With a triple crank it matters more what the inner most PCD is. 110 and 130 both refer to the larger rings only and the length of the crank arms themselves may not suit you and it may not be compatible with your bike immediately either.
I have played with bikes for over 40 years and ridden most Shimano PCD types and arm lengths and 4 of the bottom bracket standards too. You may need new bottom bracket bearings installed at the same time, the different standards don't interchange at all. The newer the better from every angle if you need it and the price is right for you.
Sometimes the bike is better to be replaced if you know enough to understand what you need and more than a few things need to be replaced at once on a mediocre older bike.
Your described style of riding tells me you need the model that comes with the smallest number of teeth on the smallest ring of the crankset. This selection will provide the easiest effort to you regardless of most other things. The other gears are almost always properly spaced to provide 3 separate ranges of gears you can use for riding comfortably uphill, downhill and more level ground. Practice using all you gears to learn when you may wish for just that particular effect on your comfort and your efforts.
Just like your brakes it is important that your gears work just as you need them to when you need then to.
I have used middle and inner ring minimums on 48/34/20T with 94/58PCD and 54/39/24T with 130/74PCD and others in between. Your tyre size, terrain you ride and what you will carry on it really sets your gearing needs the most. If you learn to enjoy using more effort and sweating when you ride your gear needs may also evolve.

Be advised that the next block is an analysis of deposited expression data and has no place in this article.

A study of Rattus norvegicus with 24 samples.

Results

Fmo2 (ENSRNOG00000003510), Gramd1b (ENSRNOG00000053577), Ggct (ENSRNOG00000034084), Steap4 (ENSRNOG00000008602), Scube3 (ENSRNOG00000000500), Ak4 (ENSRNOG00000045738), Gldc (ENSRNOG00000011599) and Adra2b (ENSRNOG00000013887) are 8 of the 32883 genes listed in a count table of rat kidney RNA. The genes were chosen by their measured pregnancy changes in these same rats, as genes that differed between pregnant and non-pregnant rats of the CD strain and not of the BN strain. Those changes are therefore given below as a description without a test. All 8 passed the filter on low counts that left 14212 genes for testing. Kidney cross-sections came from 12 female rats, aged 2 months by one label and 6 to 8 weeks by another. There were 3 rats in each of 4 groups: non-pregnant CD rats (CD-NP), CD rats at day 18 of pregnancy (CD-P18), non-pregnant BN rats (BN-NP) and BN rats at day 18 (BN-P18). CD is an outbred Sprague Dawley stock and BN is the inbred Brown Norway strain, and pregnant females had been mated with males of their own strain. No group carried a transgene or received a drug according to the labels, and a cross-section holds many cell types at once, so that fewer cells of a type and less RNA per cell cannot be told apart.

I've not seen or heard of less than 20T on a crankset. If both cranksets have the same lower number, then, the wider of the other 2 gears would be my recommendation. You can usually change just the inner ring very cheaply if you need a change but it can only go so small with each PCD.
Bike parts are usually so reliable as metallurgy has improved greatly in our lifetimes, thinking about ongoing costs is not very relevant apart from maintenance of the chain. Keep it clean and dry lubed following the directions is the biggest money saver you can make. It is possible to have a chain last many 1,000s of kilometres with regular care.
Edit: Only now that I've returned have I actually seen these 2 crank set images you referred to. I'd select the 5 arm Shimano with a new BB, the 2 piece design was introduced 20years ago and lots of spares and a 24T is possible in place of the 26T if needed. Bending any axle or crank arm is likely with enough force regardless of the system.